1. There are so many memes about how things were when we were kids vs the bubble-wrapped kids nowadays that’s it’s beyond parody.

    I had so many skinned knees, chipped teeth, near misses from drowning in a nearby creek… it’s a miracle that I never actually broke a bone. Common activities with my friends were kickball, soccer, tackle “football” when the teachers weren’t watching, etc. And we’d get together after school and on weekends in large enough groups to play those also, at times. In addition to the organized sports leagues our moms made us go in to.

    No cell phones. Summer evening rules were “When the streetlights turn on, then come home.”

    And we were the nerds. . .

  2. By modern standards, any car from before the 1980s is a deathtrap. So what? Drive it and enjoy it!

  3. Love the sticker. That vehicle reminds me of the WWII surplus jeep we had on our ranch. I was driving it by age 8. Bubble wrap indeed. By the time I graduated high school, I had been knocked unconscious twice. Second time, a horse went down at a gallop with me aboard. Broke my left arm too in that wreck.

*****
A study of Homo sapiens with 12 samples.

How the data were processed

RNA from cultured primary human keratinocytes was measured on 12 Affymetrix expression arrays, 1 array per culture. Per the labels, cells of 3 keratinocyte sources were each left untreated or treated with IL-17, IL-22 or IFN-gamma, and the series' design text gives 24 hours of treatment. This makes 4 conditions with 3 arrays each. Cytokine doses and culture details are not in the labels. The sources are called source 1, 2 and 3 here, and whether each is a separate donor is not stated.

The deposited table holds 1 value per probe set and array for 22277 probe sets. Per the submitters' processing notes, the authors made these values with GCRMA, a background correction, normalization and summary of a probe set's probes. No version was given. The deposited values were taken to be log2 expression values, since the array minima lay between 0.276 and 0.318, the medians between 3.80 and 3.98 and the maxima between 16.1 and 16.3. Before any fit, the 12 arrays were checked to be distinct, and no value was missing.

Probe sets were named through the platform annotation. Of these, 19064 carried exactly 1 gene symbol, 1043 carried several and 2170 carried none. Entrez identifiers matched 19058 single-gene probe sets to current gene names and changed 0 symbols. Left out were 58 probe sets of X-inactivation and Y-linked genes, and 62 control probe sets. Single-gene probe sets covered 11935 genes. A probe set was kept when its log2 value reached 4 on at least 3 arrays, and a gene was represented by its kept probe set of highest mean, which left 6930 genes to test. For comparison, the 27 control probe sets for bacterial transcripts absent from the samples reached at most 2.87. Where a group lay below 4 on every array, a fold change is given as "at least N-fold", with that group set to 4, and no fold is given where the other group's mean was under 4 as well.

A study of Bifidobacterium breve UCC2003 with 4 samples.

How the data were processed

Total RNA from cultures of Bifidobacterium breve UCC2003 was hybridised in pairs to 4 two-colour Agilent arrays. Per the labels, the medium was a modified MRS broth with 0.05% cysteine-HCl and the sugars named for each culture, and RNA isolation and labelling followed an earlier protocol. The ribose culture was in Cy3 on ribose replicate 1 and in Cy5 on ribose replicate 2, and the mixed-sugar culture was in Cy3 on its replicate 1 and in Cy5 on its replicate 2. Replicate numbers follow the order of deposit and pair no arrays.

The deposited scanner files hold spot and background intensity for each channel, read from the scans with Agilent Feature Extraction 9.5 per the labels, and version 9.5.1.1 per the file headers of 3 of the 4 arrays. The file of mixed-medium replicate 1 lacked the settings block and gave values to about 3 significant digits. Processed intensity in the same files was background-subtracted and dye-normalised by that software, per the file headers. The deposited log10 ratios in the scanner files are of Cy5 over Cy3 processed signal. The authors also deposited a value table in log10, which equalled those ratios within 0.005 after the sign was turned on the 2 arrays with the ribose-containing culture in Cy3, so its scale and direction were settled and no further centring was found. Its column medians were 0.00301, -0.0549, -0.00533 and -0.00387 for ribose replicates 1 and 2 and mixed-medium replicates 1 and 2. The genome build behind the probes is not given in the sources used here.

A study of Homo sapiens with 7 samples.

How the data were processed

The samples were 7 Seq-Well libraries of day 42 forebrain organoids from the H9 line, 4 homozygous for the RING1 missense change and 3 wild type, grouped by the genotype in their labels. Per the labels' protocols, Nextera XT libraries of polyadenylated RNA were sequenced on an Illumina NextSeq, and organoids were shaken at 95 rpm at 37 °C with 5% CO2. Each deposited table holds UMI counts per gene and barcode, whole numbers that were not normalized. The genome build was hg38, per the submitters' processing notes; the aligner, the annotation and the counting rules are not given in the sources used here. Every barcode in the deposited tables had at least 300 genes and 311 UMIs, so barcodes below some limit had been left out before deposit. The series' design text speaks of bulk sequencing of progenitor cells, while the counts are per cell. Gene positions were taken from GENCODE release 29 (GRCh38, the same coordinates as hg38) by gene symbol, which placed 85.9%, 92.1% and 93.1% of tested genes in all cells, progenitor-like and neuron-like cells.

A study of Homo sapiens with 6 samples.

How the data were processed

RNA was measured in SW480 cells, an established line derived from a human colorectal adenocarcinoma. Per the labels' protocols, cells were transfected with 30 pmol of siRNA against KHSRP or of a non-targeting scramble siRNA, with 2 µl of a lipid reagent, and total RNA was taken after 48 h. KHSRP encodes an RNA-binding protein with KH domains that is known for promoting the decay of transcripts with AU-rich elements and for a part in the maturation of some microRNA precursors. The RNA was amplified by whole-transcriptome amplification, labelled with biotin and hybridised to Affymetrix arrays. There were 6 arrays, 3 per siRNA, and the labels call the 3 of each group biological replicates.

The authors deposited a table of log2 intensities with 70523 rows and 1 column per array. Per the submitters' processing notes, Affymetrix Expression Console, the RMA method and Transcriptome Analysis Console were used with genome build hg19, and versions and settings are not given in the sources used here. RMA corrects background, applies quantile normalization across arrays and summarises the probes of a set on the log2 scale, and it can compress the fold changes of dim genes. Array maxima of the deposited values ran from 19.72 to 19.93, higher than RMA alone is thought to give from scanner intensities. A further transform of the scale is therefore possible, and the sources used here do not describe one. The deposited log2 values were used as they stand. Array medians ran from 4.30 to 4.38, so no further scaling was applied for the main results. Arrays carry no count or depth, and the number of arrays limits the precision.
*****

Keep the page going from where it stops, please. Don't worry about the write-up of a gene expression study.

4. We had a WWII surplus jeep on the Farm. 3 speed crash box, Multiple ” Gear shift levels”, no doors, no seat belts, no roll bar, no muffler, rust holes in the floor. Farm Plates so we could drive at 14.

    Great fun. We went everywhere in that jeep.

  5. Had a 53 3100 the doors would not stay latched on so I took em off to reduce surprises. Amazing how fast you can corner in one of those. Not the least of the death defying things we did. We built a ramp and launched a vespa scooter once. Not to mention a whole buck load of dirt bikes and assorted other devices that had a motor and wheels. Sometime 4, sometimes less.

    No broken bones till much later.

  6. I learned to drive in one of those in 1968…. only it was still OD green, no seat belts (what are those?) and had a black knob gear shifter . The engine (well worn) made maybe 30 HP. Learn with that and you can drive anything the instructor said. He was right and it prepared one to drive in Europe and all those former Brit. colonies that use the wrong side of the road. Let me tell you about driving a Hummer in Tokyo some day over a few beers.